Republicans on Capitol Hill have some compelling reasons to oppose U.S. military intervention in Syria. They fear there is a significant presence of al Qaeda and other terrorist groups within the Syrian opposition. They don't see the logic of attacking Syria over a chemical weapons attack that reportedly killed 1,400 people after doing nothing in response to conventional weapons attacks that killed perhaps 100,000 or more. They worry that the authorization to use military force, once given, can't be limited. And perhaps most of all, they have no faith in Barack Obama to deal with the Syrian situation effectively.
One objection most Republicans have not raised is the fear the administration is exaggerating or cherry-picking the evidence concerning the chemical attack in Syria. But that is precisely what is being heard from a few sources on the left, including at least one Democratic member of Congress. If some Republicans, now returning to Washington to assess the administration's case for war, join those doubters — then Obama's problem will be even worse.
"[Secretary of State] John Kerry has said repeatedly that this administration isn't trying to manipulate the intelligence reports the way that the Bush administration did to rationalize its invasion of Iraq," wrote Democratic Rep. Alan Grayson in a weekend New York Times op-ed. "But by refusing to disclose the underlying data even to members of Congress, the administration is making it impossible for anyone to judge, independently, whether that statement is correct."
Grayson's doubts have been echoed in various places around the fringes of the left, on websites like Truthout and Counterpunch. And a few individual voices too. On Sunday, when I sent a tweet asking why more liberal critics of intervention did not cite the calamity of Libya as a reason to stay out of the Syrian civil war, Valerie Plame, the former CIA agent at the center of the long and bitter fight over intelligence in the Iraq war, answered with this: "Perhaps it is the sense that once again the intelligence used to justify policy is being manipulated."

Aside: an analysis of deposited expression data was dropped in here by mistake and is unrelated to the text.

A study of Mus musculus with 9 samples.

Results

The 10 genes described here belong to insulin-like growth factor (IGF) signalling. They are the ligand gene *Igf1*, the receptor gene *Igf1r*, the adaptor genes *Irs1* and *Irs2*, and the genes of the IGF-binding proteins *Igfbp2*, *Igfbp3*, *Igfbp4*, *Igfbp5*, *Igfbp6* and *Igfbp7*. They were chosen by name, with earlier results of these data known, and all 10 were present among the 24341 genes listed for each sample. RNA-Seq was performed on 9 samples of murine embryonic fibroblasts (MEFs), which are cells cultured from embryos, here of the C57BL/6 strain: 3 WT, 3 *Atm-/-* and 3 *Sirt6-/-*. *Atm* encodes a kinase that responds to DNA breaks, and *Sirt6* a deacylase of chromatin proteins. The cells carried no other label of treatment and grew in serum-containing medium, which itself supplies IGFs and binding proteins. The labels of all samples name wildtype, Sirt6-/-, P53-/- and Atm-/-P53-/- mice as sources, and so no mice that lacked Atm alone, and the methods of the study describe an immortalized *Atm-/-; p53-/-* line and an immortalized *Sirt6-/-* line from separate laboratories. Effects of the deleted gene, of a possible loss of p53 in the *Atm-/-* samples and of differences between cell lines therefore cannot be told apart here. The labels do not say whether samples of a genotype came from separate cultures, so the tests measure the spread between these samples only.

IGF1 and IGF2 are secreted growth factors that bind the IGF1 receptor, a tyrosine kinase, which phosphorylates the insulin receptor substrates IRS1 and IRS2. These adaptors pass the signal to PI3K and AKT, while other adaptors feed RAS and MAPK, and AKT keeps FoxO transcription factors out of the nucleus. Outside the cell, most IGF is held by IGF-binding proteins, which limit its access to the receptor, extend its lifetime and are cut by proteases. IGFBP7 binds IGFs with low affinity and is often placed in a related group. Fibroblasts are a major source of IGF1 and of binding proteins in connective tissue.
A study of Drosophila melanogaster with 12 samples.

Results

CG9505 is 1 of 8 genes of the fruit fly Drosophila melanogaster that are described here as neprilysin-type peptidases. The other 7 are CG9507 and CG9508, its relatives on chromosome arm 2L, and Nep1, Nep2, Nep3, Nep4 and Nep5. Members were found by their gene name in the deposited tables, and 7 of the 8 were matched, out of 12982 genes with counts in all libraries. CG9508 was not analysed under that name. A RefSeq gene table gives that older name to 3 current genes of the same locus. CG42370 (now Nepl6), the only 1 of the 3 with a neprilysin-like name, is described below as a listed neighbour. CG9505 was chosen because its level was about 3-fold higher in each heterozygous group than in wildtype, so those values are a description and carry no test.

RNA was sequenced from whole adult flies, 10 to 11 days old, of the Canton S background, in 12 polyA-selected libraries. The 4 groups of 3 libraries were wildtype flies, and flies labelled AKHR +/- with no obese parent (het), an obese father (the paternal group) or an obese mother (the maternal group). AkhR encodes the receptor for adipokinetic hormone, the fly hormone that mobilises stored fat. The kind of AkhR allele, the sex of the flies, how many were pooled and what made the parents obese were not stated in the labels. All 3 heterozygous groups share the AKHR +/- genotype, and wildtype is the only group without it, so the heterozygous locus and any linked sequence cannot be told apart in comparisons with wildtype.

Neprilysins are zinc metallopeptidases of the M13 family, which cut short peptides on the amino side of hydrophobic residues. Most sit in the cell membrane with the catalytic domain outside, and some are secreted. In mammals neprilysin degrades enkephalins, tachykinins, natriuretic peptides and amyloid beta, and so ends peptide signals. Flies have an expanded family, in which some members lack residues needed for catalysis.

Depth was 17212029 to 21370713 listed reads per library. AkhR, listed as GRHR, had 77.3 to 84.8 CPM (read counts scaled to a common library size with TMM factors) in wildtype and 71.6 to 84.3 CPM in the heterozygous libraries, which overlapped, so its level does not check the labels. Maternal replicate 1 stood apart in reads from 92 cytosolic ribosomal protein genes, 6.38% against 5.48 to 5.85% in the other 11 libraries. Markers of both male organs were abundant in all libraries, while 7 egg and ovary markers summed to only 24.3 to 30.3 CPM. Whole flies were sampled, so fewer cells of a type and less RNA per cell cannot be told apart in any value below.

The question for most of the doubters is not whether a chemical weapons attack occurred; there seems to be widespread acceptance of that fact. The question is whether there is really evidence that convincingly links the Assad regime to the attack. In addition, some question whether the administration's claim that 1,429 people died in the attack is too high. The bottom line, as Grayson, Plame, and others have suggested, is that they believe the Obama administration might be manipulating the evidence for war the way they accused the Bush administration of doing so back in 2002 and 2003.
So far Republicans have not joined in the questioning. (One exception is Rep. Justin Amash, who told CBS on Sunday that the administration may have "embellished" the evidence.) Since most Republicans who were active in politics a decade ago defended the Bush administration's use of Iraq intelligence, perhaps they just don't want to raise a similar issue about Syria now, which would inevitably involve re-litigating a dispute from years ago. But most GOP lawmakers are just now returning to Washington to hear the administration's case. If some of them join in the doubts heard on the left, then the president's job of convincing lawmakers will become even harder.